The Future of Adoption Law in New Zealand

The Government is in the midst of a review of current adoption laws signaling potential change on the horizon for adoption in New Zealand.

The review stems from criticisms that the law as it stands, (largely unchanged since the Adoption Act 1955 was enacted 66 years ago), is increasingly unfit for purpose because it fails to accurately reflect modern societal values and adoption practices. The Government’s intent is to modernise the existing legislation to reflect contemporary expectations, values, and adoption practices and ensure consistency with principles of other child-centred legislation.

Problems with the current Law

The 1955 Act has been criticised for:

  • Fostering secrecy;
  • Restricting relationships between the child and birth parents;
  • Preventing children from connecting with their cultural heritage;
  • Failing to recognise whāngai adoptions (Maori customary adoptions) (inconsistent with the Crown’s Treaty of Waitangi obligations); and
  • Inconsistency with international obligations such as those contained in the United Nations Convention on the Rights of the Child.

Ultimately, the review seeks to position children’s rights at the core of New Zealand’s adoption laws. This is because the significant lifelong effects of adoption on the children involved demands ensuring children’s rights and welfare are safeguarded, not only throughout the process, but also after.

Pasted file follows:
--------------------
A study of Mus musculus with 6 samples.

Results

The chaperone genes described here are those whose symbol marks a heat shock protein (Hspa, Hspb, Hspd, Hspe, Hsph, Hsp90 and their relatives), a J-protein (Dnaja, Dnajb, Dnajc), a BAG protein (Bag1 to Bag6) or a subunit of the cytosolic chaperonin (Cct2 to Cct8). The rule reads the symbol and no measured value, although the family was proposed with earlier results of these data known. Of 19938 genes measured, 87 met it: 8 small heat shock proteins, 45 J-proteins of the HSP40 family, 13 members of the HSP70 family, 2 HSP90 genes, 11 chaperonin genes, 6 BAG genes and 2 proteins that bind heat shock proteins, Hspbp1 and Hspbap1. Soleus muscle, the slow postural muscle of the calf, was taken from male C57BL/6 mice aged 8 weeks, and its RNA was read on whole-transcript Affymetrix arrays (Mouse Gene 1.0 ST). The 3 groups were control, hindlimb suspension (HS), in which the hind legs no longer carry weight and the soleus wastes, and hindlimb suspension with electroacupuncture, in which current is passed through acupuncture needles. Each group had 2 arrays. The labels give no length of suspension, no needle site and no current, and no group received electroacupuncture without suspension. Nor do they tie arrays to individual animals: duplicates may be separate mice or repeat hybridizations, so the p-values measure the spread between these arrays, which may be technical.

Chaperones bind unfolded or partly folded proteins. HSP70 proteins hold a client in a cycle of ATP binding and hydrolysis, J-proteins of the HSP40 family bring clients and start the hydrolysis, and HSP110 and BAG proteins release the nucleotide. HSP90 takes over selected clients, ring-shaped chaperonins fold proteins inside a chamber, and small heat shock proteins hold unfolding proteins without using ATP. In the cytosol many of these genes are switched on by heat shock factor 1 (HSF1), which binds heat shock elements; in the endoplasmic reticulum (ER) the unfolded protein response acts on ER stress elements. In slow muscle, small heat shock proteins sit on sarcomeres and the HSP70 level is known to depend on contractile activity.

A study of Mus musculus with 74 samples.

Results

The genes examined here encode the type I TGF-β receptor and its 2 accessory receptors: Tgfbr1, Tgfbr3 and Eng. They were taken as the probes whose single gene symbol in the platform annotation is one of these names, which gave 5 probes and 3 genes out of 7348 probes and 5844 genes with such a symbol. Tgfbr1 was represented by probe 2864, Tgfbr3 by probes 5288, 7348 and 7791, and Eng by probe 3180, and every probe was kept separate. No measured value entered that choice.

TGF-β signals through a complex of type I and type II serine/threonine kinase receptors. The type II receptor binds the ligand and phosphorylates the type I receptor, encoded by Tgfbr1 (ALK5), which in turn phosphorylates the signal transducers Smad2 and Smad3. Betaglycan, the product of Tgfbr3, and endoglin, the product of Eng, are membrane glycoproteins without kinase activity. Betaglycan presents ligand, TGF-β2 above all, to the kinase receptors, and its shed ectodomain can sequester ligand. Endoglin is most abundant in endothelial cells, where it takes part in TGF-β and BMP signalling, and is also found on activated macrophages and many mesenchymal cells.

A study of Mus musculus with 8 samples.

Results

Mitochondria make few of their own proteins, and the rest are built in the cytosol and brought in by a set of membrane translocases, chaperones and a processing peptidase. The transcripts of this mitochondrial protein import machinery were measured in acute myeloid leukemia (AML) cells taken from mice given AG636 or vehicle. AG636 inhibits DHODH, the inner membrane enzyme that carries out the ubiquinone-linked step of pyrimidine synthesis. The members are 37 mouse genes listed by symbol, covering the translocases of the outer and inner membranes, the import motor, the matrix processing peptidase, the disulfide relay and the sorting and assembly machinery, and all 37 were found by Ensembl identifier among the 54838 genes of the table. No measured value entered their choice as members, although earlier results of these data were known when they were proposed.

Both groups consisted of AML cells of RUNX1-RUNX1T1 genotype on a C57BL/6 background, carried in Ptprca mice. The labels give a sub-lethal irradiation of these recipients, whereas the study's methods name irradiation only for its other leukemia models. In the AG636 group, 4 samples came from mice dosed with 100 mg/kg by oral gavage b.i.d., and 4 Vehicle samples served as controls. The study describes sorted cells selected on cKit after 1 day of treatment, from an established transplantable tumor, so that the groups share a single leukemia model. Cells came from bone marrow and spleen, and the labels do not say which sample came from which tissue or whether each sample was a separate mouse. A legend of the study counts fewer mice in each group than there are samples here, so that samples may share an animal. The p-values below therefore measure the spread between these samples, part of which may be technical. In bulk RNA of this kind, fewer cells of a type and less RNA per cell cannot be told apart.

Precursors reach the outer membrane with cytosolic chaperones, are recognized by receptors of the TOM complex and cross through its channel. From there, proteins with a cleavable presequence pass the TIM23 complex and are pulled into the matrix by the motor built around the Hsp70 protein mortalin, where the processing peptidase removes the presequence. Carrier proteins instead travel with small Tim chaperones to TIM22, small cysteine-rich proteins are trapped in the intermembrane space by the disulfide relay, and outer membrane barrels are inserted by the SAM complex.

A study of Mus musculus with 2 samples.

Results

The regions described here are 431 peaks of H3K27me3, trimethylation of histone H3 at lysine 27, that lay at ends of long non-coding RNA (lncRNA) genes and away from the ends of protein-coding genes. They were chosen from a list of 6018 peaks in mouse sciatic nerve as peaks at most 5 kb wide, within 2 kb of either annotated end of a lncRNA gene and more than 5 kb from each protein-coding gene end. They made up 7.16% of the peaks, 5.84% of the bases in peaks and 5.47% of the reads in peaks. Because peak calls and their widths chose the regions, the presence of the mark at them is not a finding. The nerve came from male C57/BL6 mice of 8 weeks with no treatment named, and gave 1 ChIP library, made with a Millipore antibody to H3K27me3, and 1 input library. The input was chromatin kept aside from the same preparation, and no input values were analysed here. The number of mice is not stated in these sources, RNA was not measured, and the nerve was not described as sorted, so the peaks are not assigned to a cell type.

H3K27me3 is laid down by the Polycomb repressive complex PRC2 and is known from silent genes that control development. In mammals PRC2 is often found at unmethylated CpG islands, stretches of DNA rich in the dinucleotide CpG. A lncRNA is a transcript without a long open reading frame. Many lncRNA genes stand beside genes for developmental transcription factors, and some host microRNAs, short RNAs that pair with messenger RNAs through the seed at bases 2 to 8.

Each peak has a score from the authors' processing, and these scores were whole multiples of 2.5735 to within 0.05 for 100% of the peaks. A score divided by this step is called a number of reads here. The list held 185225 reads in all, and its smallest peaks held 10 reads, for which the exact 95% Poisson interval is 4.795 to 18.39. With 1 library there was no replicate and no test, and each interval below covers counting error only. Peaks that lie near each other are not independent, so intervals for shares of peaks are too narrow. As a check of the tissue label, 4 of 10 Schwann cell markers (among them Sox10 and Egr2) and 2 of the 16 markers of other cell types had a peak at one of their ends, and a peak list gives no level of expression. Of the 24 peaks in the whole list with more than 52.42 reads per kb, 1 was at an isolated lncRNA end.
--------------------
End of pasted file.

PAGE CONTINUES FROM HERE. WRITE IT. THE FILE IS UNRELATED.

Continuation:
What are the proposed reforms?

The review focuses on reforming six fundamental areas of adoption law including:

  • Defining what adoption is and the purpose of adoption.
  • Adapting the eligibility criteria of who can be adopted and who can adopt, incorporating greater involvement of both the birth parent and child in the adoption process.
  • Broadening the scope of adoption laws to encompass recognition of different cultures. This involves reconsidering whether adoption laws should recognise whāngai arrangements.
  • Changing both domestic and offshore adoption processes, notably regarding consent and parent’s suitability to adopt, in order to promote efficiency and cost-effective processes.
  • Addressing the impacts of adoption by providing increased support and information to all parties throughout the adoption process and after. This could include changing birth certificates to acknowledge both the birth and adoptive parents.
  • Additional changes to adoption processes surrounding domestic and international surrogacy.

Where are we at now?

The first round of public consultation submissions closed on 31 August with more than 250 submissions received. The Government is currently considering these submissions and will begin the second round of consultation in mid-2022 to seek further public opinion about their proposed reforms.

We will keep you updated on any further developments in this review.